There are many ways to describe depression and it could range on the scale of mild to extreme. To help understand how to recognise or empathise with these feelings, it’s useful to use metaphors, art or music.
When describing to a counsellor how I was feeling, the most fitting description was that of treading water, whilst keeping others afloat. Gasping for air and wanting to stop the struggle to keep my head above the water and simple float to the bottom to rest. It ‘felt’ like the only way out of it, but guilt is what stopped actioning anything.
No one knew, the counsellor was the only person I had told this to.
Being an internal manisfestation, it’s hard to recognise someone who is in that state. In the beggining, it may even go unnoticed to the person going into depression. Once aware of the signs of depression, it’s best to tell a trusted friend or family member, if not a counsellor, what may be going on and find strategies that work best for you to work through it.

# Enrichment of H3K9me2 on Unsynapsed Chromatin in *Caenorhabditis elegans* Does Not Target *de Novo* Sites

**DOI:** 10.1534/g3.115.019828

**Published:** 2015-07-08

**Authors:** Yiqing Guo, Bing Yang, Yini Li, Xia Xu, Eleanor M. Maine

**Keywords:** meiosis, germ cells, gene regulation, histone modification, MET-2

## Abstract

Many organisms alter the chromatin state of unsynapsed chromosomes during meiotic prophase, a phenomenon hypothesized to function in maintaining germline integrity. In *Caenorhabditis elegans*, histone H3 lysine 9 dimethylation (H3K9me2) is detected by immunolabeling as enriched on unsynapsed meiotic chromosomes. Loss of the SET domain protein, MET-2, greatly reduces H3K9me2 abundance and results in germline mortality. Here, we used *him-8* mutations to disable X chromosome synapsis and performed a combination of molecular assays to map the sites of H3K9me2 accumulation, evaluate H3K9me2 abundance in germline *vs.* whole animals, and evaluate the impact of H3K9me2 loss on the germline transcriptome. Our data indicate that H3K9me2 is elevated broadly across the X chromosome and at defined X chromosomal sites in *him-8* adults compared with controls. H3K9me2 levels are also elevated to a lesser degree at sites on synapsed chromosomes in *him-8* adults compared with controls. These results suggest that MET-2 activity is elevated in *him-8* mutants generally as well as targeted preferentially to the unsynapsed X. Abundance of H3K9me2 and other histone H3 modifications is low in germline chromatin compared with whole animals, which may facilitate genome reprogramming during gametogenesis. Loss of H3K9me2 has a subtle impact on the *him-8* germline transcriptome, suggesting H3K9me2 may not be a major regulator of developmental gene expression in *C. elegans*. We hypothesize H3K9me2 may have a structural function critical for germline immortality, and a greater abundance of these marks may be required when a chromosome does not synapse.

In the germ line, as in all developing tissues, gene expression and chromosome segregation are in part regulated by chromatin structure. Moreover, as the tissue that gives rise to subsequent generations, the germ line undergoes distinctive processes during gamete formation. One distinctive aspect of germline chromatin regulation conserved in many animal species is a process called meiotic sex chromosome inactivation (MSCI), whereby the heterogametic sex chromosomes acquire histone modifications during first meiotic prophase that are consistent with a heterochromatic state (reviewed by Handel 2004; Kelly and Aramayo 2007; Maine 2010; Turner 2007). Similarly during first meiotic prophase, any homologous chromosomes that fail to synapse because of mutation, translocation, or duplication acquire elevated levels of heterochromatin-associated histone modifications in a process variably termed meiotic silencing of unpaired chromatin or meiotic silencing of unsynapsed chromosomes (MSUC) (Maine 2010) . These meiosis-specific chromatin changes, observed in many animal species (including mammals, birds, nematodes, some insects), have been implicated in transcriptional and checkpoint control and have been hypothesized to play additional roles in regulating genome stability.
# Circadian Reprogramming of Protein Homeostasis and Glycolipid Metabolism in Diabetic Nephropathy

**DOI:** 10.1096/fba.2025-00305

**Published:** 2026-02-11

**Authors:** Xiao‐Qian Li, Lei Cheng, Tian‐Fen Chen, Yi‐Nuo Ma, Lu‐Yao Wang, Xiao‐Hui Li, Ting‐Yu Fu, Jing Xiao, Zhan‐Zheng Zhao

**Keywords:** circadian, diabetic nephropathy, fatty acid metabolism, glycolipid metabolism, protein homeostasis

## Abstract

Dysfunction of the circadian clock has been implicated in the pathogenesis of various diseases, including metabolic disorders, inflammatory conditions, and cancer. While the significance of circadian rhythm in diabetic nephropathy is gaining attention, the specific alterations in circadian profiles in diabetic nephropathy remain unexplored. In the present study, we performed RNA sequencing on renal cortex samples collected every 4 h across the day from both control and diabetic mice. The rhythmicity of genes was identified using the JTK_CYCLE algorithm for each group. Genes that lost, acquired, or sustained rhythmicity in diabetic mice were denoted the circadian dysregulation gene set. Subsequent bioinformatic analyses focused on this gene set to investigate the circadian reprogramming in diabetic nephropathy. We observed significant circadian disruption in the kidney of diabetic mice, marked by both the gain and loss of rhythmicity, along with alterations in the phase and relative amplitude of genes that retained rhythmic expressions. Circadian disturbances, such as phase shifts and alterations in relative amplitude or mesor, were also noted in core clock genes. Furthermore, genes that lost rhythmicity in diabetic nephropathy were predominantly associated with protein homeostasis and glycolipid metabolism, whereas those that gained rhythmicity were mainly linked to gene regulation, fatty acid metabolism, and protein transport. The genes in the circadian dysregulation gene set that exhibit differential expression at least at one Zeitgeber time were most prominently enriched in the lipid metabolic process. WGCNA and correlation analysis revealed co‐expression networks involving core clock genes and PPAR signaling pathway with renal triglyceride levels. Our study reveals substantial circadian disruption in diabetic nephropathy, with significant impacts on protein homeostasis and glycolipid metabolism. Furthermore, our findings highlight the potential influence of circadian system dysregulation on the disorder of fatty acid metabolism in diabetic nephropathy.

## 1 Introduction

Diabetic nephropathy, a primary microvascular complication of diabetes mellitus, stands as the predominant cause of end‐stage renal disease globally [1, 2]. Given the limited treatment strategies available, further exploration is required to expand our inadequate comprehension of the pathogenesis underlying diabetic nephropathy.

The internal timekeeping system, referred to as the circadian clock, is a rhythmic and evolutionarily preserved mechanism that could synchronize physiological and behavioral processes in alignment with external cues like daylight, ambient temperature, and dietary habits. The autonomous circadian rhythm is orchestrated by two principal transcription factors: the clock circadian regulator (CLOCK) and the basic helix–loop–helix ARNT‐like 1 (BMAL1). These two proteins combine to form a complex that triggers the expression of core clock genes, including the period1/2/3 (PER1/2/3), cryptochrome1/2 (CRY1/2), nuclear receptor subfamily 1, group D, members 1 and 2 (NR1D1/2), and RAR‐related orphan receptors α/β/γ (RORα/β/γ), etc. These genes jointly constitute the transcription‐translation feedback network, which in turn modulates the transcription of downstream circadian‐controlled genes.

There is no shame in going to a counsellor or psychiatrists for help. Their skills are used to help change your perspective on the experience and help see outside the (mind) box. At first, the thought of seeking help was worrying to be seen as crazy, pathetic, time-wasting and weak. But that was far from the truth. Just from hearing advice from a specialist who works on depression is not only insightful, but also helps to keep depression at bay, as well as look differently at triggers that take you there.
If you’re going through depression, the best tip is to put it down on paper. By letting your thoughts fester, the mind will continue to feed your emotions with unnessary thoughts and event make up stories. What’s the sense in getting angry at a made up scenario in your head? The mind is a powerful thing, but so is your strength to influence the change.